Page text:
Tesla Faces Automated Driving Rival in Geely and Baidu EV
Competition is intensifying in China’s automated-driving scene with the arrival of Jiyue 01, the first electric vehicle from a joint venture between Zhejiang Geely Holding Group Co. and Chinese search and tech giant Baidu Inc.
Competition is intensifying in China's automated-driving scene with the arrival of Jiyue 01, the first electric vehicle from a joint venture between Zhejiang Geely Holding Group Co. and Chinese search and tech giant Baidu Inc.
Launching Friday, the sport-utility vehicle is equipped with Baidu's Apollo platform, which has been in development for 10 years and used on driverless vehicles since 2016. While the Jiyue 01 still deploys a high-precision map for assisted driving, it is moving toward the pure-vision approach, which mostly uses cameras to assess the surrounding environment. Tesla similarly eschews more costly Lidars and ultrasonic radars.
China is the world's biggest EV market and dozens of brands are looking to stand out with new technologies. While Tesla's Model Y is one of the top-selling EVs, the system it markets as Full Self-Driving isn't available in the country.
Other rivals include Xpeng Inc. and Huawei Technologies Co., which have also developed sophisticated automated-driving systems that enable vehicles to navigate independently and park themselves.
Chinese law hasn't yet defined whether the driver or the assisted-driving system would take legal responsibility in the event of an accident. Most manufacturers are taking a cautious approach and sticking with Level 2 technology, where a vehicle can steer, accelerate or brake, but a human still sits behind the steering wheel and is responsible for controls at all times.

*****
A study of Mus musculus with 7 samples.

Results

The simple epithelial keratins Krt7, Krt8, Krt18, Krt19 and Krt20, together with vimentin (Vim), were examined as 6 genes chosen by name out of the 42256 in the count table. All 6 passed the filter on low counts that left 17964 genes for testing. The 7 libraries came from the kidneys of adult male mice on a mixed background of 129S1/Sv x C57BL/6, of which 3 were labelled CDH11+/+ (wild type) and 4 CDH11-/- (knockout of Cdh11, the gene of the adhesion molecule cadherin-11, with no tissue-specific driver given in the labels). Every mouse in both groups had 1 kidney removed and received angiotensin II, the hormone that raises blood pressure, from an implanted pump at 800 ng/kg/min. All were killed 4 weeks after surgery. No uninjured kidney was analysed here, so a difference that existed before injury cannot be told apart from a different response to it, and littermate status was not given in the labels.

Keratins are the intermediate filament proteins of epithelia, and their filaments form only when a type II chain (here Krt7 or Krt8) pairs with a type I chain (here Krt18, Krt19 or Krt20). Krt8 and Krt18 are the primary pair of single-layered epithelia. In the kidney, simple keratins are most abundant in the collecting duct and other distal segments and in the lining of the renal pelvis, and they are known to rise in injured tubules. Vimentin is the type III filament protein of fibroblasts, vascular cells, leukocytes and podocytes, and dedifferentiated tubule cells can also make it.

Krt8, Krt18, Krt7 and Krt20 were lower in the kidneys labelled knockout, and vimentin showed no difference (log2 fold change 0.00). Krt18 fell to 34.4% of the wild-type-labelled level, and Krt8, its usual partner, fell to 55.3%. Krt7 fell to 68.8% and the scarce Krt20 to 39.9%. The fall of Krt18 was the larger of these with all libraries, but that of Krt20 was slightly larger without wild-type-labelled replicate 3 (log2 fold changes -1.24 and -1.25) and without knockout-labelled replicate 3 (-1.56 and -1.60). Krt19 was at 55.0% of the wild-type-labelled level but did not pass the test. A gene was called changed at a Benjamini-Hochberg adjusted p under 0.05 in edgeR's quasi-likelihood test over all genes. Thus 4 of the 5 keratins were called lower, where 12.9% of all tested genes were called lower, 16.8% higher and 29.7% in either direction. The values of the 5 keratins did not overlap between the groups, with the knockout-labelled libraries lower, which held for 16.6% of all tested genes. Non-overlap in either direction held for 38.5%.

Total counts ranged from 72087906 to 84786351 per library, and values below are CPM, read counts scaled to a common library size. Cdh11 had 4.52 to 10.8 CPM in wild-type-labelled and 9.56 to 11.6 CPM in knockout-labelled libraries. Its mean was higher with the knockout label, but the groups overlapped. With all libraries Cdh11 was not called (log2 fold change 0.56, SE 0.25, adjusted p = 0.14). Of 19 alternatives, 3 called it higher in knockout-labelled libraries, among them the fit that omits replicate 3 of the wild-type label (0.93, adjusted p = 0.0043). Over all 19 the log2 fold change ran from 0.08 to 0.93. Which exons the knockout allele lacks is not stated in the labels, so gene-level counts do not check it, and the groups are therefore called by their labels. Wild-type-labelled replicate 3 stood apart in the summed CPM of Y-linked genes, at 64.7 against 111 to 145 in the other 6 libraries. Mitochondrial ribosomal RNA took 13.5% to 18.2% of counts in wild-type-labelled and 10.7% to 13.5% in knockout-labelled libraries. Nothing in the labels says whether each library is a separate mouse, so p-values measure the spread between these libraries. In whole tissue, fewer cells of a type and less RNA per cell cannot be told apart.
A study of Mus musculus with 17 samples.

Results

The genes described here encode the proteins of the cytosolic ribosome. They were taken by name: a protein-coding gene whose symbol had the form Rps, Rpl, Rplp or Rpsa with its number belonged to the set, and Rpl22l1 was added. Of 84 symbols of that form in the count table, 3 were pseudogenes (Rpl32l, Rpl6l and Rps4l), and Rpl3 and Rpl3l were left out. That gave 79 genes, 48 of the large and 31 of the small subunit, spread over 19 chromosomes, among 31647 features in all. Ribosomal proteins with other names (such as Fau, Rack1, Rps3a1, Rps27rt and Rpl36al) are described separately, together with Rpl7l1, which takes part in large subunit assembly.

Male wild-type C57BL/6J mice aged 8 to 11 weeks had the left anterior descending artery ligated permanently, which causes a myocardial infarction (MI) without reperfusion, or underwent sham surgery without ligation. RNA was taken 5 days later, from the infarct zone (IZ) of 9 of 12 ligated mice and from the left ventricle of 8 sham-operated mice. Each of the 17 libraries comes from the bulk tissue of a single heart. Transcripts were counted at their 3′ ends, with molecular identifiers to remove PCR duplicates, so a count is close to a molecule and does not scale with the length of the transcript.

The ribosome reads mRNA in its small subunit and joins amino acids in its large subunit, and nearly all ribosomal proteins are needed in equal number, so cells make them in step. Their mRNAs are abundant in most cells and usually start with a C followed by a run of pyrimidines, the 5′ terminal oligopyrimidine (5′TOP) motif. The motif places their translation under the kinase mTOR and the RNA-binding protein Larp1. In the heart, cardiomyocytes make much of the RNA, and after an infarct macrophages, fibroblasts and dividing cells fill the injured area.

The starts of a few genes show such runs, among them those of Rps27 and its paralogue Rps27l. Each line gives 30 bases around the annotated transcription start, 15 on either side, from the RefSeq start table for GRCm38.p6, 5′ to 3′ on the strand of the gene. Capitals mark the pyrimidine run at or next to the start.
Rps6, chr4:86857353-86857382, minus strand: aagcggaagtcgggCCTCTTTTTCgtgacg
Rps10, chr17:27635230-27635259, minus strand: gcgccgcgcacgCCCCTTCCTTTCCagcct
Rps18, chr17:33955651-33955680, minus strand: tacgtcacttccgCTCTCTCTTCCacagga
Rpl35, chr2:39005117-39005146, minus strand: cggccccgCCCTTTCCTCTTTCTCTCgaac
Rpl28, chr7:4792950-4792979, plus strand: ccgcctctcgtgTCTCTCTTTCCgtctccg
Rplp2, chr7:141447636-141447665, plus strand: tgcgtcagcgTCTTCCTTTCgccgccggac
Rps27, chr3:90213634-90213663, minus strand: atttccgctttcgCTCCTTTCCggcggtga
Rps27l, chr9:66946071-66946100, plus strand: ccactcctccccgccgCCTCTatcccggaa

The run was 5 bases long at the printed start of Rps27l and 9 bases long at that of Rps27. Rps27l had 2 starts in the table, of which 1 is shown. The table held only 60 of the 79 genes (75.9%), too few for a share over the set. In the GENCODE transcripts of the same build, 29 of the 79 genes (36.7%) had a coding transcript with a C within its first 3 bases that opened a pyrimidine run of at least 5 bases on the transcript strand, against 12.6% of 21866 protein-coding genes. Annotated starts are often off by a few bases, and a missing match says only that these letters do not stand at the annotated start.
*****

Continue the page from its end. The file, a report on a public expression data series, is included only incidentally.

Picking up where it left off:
Tesla faces multiple lawsuits over its Autopilot function, while General Motors Co.'s driverless-taxi unit Cruise has just shelved operations after its license was suspended in California in relation to an accident involving a pedestrian.
The Jiyue 01 has a range of as much as 720 kilometers (450 miles) using a battery from Contemporary Amperex Technology Co. Ltd., the world's biggest cell maker. The SUV will be priced from 249,900 yuan ($34,150), slightly below Huawei's Aito M5, which starts at 259,800 yuan. Tesla's Model Y and Xpeng's G9 SUV are slightly more expensive, starting at 263,900 yuan.
The Jiyue 01 can process voice commands for functions including opening the windows or playing video. The service also works without an Internet connection, Luo said.
Jiyue 01's journey to market was delayed as Beijing tightened issuance of EV production licenses. After initially providing subsidies and fueling breakneck growth in the industry, the government reined in support and limited the number of new entrants.
To start selling its new SUV, Geely, which has a manufacturing permit, set up the Jiyue joint venture in August, holding a majority stake. Baidu has 35%.